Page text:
Thursday, January 24, 2013

Why Most Academic Study of the Bible Is But Liberal Apologetics

An anthropocentric observation only allows the Bible to be anthropology rather than theology, but theology is its purpose. What this means is that the scholar who holds to naturalistic assumptions is often prevented from seeing the Bible as it was intended. He can only superimpose his analysis, gained not from the text, but from his own worldview, upon the text.  In other words, he is hindered from understanding the object of his study, and often must transform it into a foreign object with a completely different purpose—one more befitting and complementary to his worldview. Hence, it is the naturalist, not the supernaturalist, who is bound, hand and foot, from understanding his supposed area of expertise. As such, he is merely an apologist for his own worldview, not a master of the subject to which he has supposedly devoted himself.


  1. You know what makes this even more tragic?

    You take the average ill-informed layman, and tell them that so-and-so has a M.Div or Ph.D at a liberal Ivy-league seminary, and they think that the M.Div or Ph.D is really smart (read "wise") about Scripture and God.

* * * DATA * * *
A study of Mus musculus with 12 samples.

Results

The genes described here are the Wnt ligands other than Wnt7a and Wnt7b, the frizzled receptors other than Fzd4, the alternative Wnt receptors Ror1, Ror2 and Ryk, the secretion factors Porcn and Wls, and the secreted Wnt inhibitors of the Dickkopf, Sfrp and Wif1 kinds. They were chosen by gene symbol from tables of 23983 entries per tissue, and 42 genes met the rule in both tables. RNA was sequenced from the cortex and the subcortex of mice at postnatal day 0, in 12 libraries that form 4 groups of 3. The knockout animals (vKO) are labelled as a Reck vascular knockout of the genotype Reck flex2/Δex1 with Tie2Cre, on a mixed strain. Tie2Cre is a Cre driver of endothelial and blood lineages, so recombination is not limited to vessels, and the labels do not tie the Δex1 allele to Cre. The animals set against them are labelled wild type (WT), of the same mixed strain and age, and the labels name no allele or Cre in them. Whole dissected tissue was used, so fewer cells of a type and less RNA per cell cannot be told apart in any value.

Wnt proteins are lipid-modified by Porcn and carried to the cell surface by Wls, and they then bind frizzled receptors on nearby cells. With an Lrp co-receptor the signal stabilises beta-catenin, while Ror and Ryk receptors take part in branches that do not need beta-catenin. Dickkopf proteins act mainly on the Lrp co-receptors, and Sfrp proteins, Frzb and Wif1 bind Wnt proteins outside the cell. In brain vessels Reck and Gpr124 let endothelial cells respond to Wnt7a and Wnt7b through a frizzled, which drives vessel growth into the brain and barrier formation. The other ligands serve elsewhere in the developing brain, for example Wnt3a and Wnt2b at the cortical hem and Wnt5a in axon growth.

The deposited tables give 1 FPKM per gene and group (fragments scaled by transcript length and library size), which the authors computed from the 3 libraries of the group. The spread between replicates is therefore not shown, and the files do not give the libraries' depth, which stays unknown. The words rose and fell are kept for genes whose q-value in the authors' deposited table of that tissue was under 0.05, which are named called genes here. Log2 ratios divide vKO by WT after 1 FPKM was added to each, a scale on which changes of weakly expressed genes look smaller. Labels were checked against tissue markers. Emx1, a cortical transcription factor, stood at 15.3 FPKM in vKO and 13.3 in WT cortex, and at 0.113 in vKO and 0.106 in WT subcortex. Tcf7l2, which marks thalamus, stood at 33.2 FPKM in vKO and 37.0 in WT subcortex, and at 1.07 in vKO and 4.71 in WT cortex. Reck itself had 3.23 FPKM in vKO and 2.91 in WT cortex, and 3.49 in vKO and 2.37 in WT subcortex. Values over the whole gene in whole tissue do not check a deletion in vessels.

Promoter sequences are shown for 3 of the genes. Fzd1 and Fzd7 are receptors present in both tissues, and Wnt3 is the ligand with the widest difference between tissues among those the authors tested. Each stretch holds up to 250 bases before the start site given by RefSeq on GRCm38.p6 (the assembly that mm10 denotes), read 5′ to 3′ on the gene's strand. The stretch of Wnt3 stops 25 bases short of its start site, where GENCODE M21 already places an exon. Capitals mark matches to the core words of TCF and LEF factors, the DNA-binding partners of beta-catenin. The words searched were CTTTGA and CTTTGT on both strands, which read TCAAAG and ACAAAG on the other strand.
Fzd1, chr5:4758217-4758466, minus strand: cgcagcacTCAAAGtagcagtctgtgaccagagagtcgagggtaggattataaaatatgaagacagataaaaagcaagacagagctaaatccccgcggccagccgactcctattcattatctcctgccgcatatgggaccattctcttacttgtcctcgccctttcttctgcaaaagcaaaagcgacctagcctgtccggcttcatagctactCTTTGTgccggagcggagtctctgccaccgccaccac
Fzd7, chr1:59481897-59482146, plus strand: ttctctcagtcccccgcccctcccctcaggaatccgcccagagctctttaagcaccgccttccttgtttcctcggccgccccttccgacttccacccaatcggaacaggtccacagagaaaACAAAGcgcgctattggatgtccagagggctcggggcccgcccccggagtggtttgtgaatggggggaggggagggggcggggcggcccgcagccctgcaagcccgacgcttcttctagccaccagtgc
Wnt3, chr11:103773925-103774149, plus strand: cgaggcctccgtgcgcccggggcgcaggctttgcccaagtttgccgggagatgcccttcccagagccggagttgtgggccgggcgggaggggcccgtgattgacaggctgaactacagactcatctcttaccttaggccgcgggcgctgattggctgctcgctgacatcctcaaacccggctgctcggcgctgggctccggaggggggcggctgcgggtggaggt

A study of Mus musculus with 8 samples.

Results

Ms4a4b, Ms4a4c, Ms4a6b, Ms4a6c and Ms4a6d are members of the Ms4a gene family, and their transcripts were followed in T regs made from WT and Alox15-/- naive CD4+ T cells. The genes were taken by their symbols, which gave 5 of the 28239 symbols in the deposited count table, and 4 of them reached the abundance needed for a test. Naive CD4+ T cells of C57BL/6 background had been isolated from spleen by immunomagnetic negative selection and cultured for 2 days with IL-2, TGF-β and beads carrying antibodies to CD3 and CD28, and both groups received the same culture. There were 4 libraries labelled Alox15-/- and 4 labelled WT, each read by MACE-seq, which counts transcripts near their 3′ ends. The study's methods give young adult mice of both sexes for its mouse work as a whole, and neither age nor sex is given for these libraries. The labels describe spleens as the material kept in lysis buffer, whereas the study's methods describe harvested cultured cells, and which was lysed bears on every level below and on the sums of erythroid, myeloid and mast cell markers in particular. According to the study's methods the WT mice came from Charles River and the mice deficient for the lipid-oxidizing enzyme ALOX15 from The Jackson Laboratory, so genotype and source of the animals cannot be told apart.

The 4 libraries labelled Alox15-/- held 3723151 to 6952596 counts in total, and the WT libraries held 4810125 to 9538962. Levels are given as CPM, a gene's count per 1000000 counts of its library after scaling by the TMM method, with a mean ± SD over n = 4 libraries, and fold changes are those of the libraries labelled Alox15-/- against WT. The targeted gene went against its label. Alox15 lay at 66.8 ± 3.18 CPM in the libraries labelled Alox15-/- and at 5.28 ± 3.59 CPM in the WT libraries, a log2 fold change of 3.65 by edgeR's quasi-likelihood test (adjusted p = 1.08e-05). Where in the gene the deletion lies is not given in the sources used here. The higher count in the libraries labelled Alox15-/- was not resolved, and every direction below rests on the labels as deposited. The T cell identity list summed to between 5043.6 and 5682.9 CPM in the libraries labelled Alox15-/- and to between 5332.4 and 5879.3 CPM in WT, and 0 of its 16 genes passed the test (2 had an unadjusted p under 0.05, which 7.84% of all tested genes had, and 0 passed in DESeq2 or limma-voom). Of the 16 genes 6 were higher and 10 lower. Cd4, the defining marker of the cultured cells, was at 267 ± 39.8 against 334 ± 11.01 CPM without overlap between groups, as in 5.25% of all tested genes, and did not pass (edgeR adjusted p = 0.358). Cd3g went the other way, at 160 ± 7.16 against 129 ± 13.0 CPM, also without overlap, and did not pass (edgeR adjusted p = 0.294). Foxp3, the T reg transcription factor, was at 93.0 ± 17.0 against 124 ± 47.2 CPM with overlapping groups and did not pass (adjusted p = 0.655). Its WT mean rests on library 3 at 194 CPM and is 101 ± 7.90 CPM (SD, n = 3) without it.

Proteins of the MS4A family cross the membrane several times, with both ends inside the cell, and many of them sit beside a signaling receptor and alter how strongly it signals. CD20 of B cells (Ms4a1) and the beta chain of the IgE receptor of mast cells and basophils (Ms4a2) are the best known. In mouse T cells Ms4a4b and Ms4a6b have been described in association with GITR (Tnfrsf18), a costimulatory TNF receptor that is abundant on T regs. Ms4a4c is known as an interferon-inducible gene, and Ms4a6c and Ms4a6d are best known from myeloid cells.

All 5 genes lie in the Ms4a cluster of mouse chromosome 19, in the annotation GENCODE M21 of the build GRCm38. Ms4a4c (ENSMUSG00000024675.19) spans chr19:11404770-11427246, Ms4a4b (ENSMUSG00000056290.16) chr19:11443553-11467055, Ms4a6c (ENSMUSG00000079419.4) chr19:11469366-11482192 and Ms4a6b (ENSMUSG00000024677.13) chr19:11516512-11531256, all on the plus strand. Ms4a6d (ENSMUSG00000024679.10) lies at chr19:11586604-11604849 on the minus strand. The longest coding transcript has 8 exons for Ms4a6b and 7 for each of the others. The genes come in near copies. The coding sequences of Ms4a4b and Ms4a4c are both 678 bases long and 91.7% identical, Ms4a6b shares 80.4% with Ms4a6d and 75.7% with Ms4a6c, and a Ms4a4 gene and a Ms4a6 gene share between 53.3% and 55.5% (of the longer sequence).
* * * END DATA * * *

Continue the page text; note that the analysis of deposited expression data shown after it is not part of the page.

The unsuspecting sheep is prey for the wolves and the teachers of wolves.

  2. Yeah, this is a generality of course, but having known many people who came from Ivy League schools, and having briefly attended one, I have been impressed with their breadth of knowledge, but not so much with some of their depth of it, or even their depth of understanding and being critical of their own methodologies of inquiry.

    I'd make the exception for a couple professors and students I've known from Princeton, but in general, the Ivy League student/professor isn't any more, and sometimes less, brilliant than one from a regular university or seminary (in fact, I think you're trained to think through what you believe a lot more in seminary than other schools because you're forced to do so from a more uphill battle in competing with university students for spots in PhD programs or jobs, and because Christian positions are always perceived by academics as lesser scholarship).

    All that to say, I wouldn't trust the Scarecrow to interpret life for me just because the supreme Wizard granted him a PhD.